Q&A: How often should my Colorado dog get a bath?

The perfect dog bath.

The perfect dog bath.


Does this seem like a simple question?  Surprisingly, it’s one of the most common questions that I get asked as a veterinarian!

In Colorado’s dry climate, pet owners worry about the effect of bathing on their dog’s skin – and with good reason.  Too frequent bathing can strip your dog’s skin of helpful natural oils, which can make him prone to dandruff, matted fur, irritation, and lesions.  So, I’m here to give you the low-down on caring for your dog’s skin and coat.

Most dogs will not require a bath more often than once every 4 weeks.  However, there are breed differences that may require you to bathe your pup more or less often:

  • If your dog has a more oily coat (like a Basset Hound or Terrier), they will likely require weekly bathing to keep their skin healthy.
  • Short-haired breeds with smooth coats, like Weimaraners and Beagles, may need less frequent bathing.
  • Water-loving breeds like Golden Retrievers have water-repelling coats, and require bathing less often in order to preserve their natural oils.
  • Thick-coated breeds, such as Samoyeds and other Northern breeds, do much better with less bathing and more frequent brushing.

Of course, these are just simple guidelines.  If your dog loves swimming, digging, or rolling in you-know-what, they may require bathing more often.  If in doubt, give him a sniff – If he stinks, suds him up!

Here are a few tips to help with bath time:

  1.   Brush your dog’s fur before you bathe him.  Matted fur traps water and can lead to skin irritation.
  2.  Use a dog shampoo!  Human shampoo is too harsh to use on your pooch.  If you’re not sure what to use, your veterinarian can recommend some good options.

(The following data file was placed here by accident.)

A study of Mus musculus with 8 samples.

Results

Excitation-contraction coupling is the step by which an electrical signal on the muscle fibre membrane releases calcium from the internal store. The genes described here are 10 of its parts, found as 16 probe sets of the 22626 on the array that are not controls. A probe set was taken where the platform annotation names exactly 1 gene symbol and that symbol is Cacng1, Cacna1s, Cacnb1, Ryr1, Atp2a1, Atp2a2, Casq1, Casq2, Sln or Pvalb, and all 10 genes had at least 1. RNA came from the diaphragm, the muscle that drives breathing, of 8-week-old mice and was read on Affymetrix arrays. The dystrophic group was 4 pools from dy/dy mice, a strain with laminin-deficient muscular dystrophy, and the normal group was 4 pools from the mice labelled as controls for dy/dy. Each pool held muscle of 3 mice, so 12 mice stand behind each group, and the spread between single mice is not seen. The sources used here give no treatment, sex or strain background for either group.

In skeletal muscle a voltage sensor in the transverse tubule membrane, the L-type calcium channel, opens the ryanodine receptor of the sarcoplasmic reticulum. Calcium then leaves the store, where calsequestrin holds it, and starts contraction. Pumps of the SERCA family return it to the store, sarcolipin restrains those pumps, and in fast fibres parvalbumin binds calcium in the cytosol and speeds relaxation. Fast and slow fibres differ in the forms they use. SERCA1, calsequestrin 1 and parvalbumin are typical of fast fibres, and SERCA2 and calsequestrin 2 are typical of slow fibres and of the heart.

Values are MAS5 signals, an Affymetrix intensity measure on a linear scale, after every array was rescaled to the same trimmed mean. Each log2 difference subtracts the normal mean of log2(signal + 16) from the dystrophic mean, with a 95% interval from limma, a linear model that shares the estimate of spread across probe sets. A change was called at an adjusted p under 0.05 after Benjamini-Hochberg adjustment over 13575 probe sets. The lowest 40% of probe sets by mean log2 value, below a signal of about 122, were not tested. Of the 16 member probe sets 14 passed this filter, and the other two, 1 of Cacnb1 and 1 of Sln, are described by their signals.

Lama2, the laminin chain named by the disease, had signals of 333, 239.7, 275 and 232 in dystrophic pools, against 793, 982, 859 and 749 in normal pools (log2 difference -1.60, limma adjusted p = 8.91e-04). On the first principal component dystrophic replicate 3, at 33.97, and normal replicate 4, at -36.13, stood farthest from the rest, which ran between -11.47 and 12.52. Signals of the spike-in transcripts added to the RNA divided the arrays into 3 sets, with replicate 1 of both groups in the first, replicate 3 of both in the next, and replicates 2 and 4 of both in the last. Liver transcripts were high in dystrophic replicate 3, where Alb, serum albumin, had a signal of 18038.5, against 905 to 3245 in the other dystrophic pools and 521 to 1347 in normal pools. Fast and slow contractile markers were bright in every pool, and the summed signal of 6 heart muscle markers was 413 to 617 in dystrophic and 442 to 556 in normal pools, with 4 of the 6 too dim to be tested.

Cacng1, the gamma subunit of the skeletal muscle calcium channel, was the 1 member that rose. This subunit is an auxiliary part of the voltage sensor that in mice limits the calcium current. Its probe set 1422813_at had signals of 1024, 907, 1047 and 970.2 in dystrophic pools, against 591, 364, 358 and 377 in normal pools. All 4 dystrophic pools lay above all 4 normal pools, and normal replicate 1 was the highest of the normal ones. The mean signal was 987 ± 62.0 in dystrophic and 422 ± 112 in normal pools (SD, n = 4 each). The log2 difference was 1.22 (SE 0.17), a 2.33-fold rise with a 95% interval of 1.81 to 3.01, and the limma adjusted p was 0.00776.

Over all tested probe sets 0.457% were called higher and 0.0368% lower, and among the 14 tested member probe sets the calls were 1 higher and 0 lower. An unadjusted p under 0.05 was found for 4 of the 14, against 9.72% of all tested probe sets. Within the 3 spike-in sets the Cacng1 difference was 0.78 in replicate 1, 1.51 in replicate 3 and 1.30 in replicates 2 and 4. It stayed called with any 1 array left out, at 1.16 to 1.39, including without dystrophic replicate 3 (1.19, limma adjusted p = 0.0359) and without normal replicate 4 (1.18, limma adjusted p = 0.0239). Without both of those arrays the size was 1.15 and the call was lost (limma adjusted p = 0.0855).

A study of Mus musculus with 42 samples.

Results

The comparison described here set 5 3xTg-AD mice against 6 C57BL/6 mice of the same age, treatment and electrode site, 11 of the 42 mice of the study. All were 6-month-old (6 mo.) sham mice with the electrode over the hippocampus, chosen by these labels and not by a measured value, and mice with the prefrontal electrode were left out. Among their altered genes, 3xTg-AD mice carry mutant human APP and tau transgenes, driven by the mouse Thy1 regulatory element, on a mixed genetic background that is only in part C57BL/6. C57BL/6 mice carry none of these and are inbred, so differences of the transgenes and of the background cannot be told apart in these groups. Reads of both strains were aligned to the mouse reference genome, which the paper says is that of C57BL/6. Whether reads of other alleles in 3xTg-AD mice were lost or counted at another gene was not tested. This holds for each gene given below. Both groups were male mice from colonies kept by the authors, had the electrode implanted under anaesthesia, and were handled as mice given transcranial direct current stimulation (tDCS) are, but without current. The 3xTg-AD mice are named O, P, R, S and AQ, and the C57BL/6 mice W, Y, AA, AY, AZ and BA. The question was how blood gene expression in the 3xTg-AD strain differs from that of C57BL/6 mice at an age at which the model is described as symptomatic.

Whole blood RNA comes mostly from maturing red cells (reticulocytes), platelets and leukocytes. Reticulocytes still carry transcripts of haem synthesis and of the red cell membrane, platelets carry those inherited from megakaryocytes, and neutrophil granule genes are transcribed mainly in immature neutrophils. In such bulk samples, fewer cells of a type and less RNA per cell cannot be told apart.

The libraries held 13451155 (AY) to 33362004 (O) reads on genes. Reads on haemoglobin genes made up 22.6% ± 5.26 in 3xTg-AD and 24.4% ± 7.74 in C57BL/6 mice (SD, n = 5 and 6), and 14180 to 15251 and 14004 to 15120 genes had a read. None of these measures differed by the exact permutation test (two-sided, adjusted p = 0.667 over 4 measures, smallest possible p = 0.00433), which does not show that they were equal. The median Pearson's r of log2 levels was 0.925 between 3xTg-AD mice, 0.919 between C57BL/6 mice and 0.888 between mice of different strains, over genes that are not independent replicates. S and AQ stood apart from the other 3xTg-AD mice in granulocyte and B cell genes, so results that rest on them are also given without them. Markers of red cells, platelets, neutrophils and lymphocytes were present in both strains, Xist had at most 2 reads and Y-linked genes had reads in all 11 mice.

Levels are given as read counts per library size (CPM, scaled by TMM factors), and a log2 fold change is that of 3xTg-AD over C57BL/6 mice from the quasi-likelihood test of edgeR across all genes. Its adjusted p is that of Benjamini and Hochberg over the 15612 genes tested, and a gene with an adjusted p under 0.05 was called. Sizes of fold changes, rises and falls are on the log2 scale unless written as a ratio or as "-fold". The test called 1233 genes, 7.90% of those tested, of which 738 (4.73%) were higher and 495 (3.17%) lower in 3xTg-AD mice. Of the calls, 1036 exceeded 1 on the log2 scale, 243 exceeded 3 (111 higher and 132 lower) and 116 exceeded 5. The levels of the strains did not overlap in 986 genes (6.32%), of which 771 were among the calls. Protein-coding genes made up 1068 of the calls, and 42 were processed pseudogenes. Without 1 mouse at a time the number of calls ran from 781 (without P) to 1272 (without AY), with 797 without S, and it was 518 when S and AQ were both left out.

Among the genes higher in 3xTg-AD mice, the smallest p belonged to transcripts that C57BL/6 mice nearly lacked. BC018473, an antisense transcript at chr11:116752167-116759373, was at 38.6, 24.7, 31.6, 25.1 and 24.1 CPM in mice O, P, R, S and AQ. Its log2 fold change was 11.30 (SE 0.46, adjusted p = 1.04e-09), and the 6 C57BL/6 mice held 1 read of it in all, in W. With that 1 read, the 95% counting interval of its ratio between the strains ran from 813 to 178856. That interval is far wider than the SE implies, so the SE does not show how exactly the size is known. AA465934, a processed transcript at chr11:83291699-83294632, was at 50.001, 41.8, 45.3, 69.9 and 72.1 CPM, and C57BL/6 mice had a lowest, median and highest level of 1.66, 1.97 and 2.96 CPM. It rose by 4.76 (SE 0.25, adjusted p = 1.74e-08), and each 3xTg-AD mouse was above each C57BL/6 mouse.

3.   Use lukewarm water – about the temperature you would use for a newborn baby.  Dogs can overheat easily, and their skin is more sensitive to extreme temperatures than ours.
  4.   Rinse well, towel off, and air-dry!  Blow dryers designed for humans can cause burns, and will dry out the skin even more.
  5.   Give your dog a reward when it’s over.  Dr. D is all about the positive experience, so give that good dog some treats!


Make bath time a great experience!

Make bath time a great experience!


I know that many of my clients in the Broomfield area are concerned about their pet’s dry skin, especially in the winter.  So here are a few more things you can do for your pooch to help them be less dry and itchy this year:

  • Feed your dog a high quality diet.  I can spot a dog that’s eating a poor diet from a mile away, just by looking at their coat.
  • Consider supplementing your dog’s diet with high quality Omega fatty acids, Vitamin E, or a combination of both.  These supplements will support your dog’s skin from the inside out.
  • Bathe less often.  If you must bathe your dog frequently, even in the winter, you can use a dog conditioner after bathing to help soothe the skin.


These tips should go a long way toward helping you maintain your dog’s healthy coat and skin.  And, as a reminder, if you notice any lesions, redness, foul odors, or excessive itching despite these efforts, don’t hesitate to contact your veterinarian!


P.S.  If your dog suffers from itchy skin due to allergies, weekly bathing with special shampoo may be appropriate.  Consult your veterinarian for details.